By Emily Cardenas, 2019 Cashin Fellow
Home is the Bronx. It’s the booming music shaking your bones as you walk down the avenue to your local pizza shop. It’s the open fire hydrants showering cars and young kids like glittering confetti. It’s the small businesses with flashing signs attracting customers of all races and ages as they take on the latest fashion trends. It’s the constant “boom bat, boom bat” of the trains running overhead that overcome the lively chatter of the neighborhood. The Bronx is all these things and so much more. And my journey in and out of this place has reshaped my ideas on resilience, diversity, and beauty.
For the past five years, I have studied at private schools hundreds of miles away in hopes of getting a better education and opportunities. While I am grateful for the experiences and lessons I learned, I feel as though the knowledge I came away with was about the rest of the world and not about my own home. I felt fake for representing my borough when I didn’t actually know what I was representing. This past summer at Community Food Action, however, has opened my eyes to the richness of the Bronx that runs deeper than I imagined.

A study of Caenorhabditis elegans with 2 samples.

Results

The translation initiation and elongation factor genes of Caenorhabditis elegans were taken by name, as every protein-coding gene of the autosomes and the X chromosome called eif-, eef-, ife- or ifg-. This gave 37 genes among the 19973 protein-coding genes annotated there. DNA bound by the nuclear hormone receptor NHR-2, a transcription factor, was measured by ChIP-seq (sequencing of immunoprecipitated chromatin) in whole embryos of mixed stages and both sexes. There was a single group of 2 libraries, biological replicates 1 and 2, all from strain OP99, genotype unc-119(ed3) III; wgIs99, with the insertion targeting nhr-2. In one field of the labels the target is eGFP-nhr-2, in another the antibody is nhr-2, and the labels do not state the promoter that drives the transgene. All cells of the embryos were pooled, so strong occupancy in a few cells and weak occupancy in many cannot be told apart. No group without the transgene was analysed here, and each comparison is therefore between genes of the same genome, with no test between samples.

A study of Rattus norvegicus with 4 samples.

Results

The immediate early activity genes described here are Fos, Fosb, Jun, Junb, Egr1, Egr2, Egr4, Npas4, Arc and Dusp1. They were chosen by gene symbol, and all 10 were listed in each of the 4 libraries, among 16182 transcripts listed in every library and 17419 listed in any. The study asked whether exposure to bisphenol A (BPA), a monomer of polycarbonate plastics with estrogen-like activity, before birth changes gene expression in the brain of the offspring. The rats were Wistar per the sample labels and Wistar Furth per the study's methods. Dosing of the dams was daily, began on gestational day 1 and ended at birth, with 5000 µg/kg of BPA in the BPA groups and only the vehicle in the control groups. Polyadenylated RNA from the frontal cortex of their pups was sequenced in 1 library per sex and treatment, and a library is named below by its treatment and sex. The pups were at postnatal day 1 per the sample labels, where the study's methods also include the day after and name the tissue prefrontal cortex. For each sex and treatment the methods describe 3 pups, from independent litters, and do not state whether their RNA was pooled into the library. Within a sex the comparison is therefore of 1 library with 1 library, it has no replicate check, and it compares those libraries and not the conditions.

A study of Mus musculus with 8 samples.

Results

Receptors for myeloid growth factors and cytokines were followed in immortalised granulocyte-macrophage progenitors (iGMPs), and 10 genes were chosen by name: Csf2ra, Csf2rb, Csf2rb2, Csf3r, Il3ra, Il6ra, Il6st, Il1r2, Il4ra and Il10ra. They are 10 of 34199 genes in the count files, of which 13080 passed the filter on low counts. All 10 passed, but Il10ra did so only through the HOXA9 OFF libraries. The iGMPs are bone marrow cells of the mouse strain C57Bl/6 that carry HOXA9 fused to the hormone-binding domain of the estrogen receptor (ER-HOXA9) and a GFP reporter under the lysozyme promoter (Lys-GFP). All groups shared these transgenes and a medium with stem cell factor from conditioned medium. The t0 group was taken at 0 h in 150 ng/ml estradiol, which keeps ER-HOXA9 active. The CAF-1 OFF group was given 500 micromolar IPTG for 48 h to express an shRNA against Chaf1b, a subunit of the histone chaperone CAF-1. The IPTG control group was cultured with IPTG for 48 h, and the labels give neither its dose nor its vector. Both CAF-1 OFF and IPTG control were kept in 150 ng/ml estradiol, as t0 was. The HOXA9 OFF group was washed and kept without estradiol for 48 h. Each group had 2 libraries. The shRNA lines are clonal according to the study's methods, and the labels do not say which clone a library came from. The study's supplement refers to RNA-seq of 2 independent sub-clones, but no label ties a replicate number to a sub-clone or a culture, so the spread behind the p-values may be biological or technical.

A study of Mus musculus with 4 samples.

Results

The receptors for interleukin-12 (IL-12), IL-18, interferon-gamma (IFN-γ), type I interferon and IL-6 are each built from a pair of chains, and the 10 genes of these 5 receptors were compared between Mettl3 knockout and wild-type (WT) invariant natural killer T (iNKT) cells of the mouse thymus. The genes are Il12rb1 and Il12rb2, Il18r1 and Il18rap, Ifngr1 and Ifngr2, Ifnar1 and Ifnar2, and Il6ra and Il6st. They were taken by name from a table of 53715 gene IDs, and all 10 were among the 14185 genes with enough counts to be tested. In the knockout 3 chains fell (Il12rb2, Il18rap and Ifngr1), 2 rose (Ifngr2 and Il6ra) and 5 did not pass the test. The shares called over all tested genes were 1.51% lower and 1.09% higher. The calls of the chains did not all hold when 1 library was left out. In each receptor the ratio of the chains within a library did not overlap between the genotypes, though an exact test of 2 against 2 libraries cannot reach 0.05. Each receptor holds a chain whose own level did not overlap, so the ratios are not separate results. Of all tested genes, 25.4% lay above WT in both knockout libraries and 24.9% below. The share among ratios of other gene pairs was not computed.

During the 1970s and 1980s, the Bronx, dominated by black and Latino communities, faced clear institutionalized racism through redlining and a reduction in government services. High rates of crime, unemployment, homelessness, and arson led to a desolated borough with no means of recovery. Yet community members from all walks of life united together and took it upon themselves to rebuild and revitalize their homes because they believed in the potential of the Bronx. They restored abandoned buildings and created impactful community-based programs that improved quality of life. Their hard work can still be seen decades later in the vibrancy and liveliness of our Bronx streets, no matter the time or weather.
In learning and see this history in books and movies, I realized that the Bronx is not simply another borough; it is a spirit moving in and around us. It is hope and courage beating in our hearts. It is teamwork and leadership despite our outward differences. It is art and imagination carved into our buildings. It is life after death.
As my time at Community Food Action wraps up, I am also just getting started on a long journey towards creating a better Bronx. There is still so much revitalizing work to be done even 40 years later in regards to our education, legislation, and environmental sustainability efforts. But I feel committed to being part of that change and adding to the already marvelous history of the Bronx. No matter where my life takes me in future… You can take the girl of the Bronx but you can’t take the Bronx out of the girl.